Tuesday 11 May 2021

New war memorial forces us to take a good, hard look at ourselves

The mirror hands where the ‘forbidden for Jews’ sign used to be. Photo: Alphons Nieuwenhuis

A modest mirror at one of the entrances to Amsterdam’s Vondelpark will be formally unveiled on May 4, when the Dutch remember those who died in World War II. The mirror is in the same spot as a sign saying the park was forbidden to the city’s Jews during the Nazi occupation. It aims to encourage people question their own actions when it comes to discrimination today.

Niels van Deuren (33) does not consider himself an activist or a political animal, just an ordinary citizen who sprang into action on hearing the king’s Remembrance Day speech on May 4 last year. ‘Sobibor started at the Vondelpark. With a sign saying ‘No Jews allowed’, Willem Alexander told a house-bound audience and the handful of people gathered on Dam square.

‘When Willem-Alexander said those words I suddenly realised that a large part of the population stood by and did nothing when the Jews were being persecuted. It meant the Nazis could do what they wanted and every time it got worse and more absurd. That is how it happens, in small steps until people are stripped of their human rights. People get used to it and it’s normalised. We need to be aware of that process,’ Van Deuren told DutchnNews.nl.

The sign reads ‘Forbidden for Jews’. Photo: G.H. Krüger via archief.amsterdam/beeldbank

With true entrepreneurial spirit – Van Deuren invests in small start-ups in Colombia – he set about creating a memorial to the dead and a reminder to the living. ‘I thought of it and wanted to get it done immediately,’ he said.

He quickly discarded the idea of a big work of art which would have involved a long and bureaucratic trek past numerous local council doors, opting instead for the simpler option of a plaque and a mirror.

When Van Deuren thought of the mirror he found the idea to fit mirrors to y D66 and ChristenUnie councillors had who proposed to fit mirrors to memorials, such as the Holocaust Names monument and the National Slavery monument,  had been brought up last year by D66 and ChristenUnie councillers, he said,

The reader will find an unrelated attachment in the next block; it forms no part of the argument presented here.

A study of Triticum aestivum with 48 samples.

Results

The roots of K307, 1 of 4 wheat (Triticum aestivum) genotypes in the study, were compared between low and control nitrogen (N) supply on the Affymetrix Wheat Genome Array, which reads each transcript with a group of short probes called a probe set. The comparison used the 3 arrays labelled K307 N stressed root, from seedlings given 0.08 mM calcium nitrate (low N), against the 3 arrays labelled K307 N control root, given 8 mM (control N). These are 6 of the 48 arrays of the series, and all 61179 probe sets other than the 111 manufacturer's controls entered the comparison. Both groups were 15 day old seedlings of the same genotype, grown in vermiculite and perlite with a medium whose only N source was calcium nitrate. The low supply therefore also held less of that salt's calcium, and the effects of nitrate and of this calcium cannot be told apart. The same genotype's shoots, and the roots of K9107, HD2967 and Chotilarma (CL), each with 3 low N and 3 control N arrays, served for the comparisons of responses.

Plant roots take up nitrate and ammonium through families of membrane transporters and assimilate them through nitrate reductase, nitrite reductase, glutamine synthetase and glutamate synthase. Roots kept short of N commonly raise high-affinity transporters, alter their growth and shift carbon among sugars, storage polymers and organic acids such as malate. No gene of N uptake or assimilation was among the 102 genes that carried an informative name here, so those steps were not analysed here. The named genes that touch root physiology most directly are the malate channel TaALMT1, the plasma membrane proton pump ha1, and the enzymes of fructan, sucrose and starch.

’It coincided with my own idea of reflection, of people taking a good look at themselves and taking a good, hard look. Do you act when someone is discriminated against or victimised because of the colour of their skin?’

Photo: Alphons Nieuwenhuis

Armed with his idea, Van Deuren approached Amsterdam local council, offering to find the funding for the memorial himself himself to speed things up. He found that not only were they willing to contribute financially but that others, such as the Comité 4 en 5 mei, which organises the annual remembrance events, were happy to help.

‘The whole process took about nine months from the first email to the council to the installation, which to my thinking was a pretty long time. But I was actually told that was very quick!,’ Van Deuren said. ‘The council really put its back into it, everyone wanted to help.’

The title of the memorial ‘Sobibor – Wat doe jij’ is a reference to a poem by resistance fighter Gerrit van der Veen who led the attack on the building that housed the city’s population register in March 1943.

Destroying the register would make it more difficult for the Germans to find people but Van der Veen had reckoned without Dutch bureaucracy. A duplicate of the register was housed in the Hague.

Following a failed attempt to spring his friends from jail, Van der Veen was caught and executed by the Germans in 1944.

The first stanza of the poem reads : ‘Wat doe jij, nu je land wordt getrapt en geknecht, Nu het bloedt uit ontelbare wonden. Wat doe jij, nu je volk wordt ontmand en ontrecht, Door de zwarte en feldgraue honden?’ (And you, do you stand by, Now your country is being kicked and cowed, Bleeding from countless cuts, Do you stand by, Now your people is being emasculated, stripped of its rights, By the black and feldgraue dogs?).

Today’s politicians

Gerrit van der Veen didn’t look away but confronted injustice where he saw it and his poem illustrates the significance of the mirror perfectly, Van Deuren said. Does he feel politicians should hold up a mirror to themselves as well?

‘People like Wilders and Baudet are frequently criticised by other politicians,’ he said. ‘There are parties which look away, for instance, you only have to look at the childcare allowance scandal, but fortunately they are being held accountable by the other parties. I think it’s people in general who should be more critical if politicians – or a neighbour – makes a racist or discriminatory remark.’

A memorial service will be held at the site of the mirror at the Van Eeghenstraat entrance to the Vondelpark on May 4.  It will feature the story of Harriet Goldwasser who was forbidden to play in the park as a little girl.